A man charged with several sex crimes rejected a plea deal during a hearing in Linn County Circuit Court on Tuesday, telling the judge that he suffers from mental illness and needed more evaluations before he could make a decision.
But the prosecution, defense and judge all warned him that the negotiated settlement might not be on the table again.
David Dugan, 47, of Eugene will undergo testing to determine whether he can aid and assist in his own defense. The next hearing in the case was scheduled for April 11.
Dugan is charged with five counts of first-degree sex abuse and three counts of first-degree sodomy. The crimes in the case allegedly occurred between 2007 and 2010, when the male victim was elementary school aged.
“I don’t understand what’s happening half the time,” Dugan told Judge DeAnn Novotny. Dugan added that he wasn’t getting help for his mental health issues and was feeling pressure to accept the negotiated settlement, which called on him to plead to three of the charges.
“I’m not being listened to. I’m being more or less told,” he added.
Defense attorney Heidi Sternhagen told the court that Dugan does suffer from mental health problems but those weren’t significant enough that they would help his defense.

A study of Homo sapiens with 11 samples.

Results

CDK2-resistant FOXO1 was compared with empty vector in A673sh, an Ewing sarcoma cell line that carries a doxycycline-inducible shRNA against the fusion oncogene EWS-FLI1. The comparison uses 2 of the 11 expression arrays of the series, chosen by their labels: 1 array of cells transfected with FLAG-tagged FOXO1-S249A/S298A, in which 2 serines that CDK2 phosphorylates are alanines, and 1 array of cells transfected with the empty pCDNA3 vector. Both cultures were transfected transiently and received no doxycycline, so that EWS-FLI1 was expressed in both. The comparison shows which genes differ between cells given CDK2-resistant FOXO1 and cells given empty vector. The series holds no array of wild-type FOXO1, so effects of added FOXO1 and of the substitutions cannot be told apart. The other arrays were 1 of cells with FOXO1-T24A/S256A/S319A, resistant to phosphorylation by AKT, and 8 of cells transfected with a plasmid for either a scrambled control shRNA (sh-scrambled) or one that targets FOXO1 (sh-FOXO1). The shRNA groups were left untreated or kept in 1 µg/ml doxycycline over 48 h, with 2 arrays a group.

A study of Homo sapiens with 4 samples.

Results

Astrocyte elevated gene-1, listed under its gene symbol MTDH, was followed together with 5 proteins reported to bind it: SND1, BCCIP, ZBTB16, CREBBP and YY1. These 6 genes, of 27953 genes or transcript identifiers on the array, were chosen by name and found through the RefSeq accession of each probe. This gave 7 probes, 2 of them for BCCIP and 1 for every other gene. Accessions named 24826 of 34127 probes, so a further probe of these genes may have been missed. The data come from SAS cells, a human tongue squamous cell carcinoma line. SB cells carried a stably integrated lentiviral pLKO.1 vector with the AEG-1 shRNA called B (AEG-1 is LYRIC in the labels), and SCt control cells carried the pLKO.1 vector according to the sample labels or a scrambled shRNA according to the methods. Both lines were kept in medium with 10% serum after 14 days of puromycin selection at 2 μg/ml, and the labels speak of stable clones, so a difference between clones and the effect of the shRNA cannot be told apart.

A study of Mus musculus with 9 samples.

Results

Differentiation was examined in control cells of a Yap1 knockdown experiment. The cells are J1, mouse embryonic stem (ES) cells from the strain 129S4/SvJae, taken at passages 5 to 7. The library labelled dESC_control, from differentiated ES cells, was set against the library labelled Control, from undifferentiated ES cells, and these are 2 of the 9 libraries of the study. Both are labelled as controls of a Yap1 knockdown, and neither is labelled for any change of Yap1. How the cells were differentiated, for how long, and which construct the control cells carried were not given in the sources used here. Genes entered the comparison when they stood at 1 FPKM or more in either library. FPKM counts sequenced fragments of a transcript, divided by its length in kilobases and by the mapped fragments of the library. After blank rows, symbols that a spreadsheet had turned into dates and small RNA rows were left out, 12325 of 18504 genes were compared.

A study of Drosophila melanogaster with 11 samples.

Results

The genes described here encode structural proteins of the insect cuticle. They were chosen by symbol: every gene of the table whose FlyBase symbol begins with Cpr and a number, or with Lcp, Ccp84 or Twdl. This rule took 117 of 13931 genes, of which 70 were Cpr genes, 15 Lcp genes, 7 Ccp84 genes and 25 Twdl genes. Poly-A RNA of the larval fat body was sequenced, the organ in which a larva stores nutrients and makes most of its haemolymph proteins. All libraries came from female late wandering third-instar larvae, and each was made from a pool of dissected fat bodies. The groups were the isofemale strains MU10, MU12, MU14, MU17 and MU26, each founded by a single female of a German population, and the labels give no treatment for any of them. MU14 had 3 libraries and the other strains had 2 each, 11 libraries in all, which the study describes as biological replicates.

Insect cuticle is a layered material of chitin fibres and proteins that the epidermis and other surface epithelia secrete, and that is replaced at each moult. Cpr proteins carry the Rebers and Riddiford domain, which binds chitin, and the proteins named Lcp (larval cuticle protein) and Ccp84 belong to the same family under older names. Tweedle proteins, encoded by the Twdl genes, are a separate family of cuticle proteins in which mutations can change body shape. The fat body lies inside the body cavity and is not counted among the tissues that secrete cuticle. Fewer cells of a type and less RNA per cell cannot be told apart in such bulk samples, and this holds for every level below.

Novotny said she didn’t have reason to doubt Dugan’s competency based on her observations in court.
“Sometimes people have mental health issues, but it doesn’t mean they won’t be found responsible for a crime,” Novotny said to Dugan.
The Linn County Sheriff’s Office investigated the case and arrested Dugan in October. According to a probable cause affidavit, in an interview Dugan admitted to at least one of the crimes.
The victim told a deputy that the abuse occurred three or four times a week for years.
In a handwritten letter to the court in January, Dugan asked for new counsel in the case, saying that he wasn’t being treated fairly because he was poor and unintelligent.
He wrote that he was told by his defense team that he could get 100 years in prison. “They have been telling me I wouldn’t have a chance at trial,” Dugan said.
“I didn’t force the victim to do this. I had to move away because he wouldn’t listen,” Dugan added. “The victim just would not leave (me) alone! I’m the victim in this whole thing!”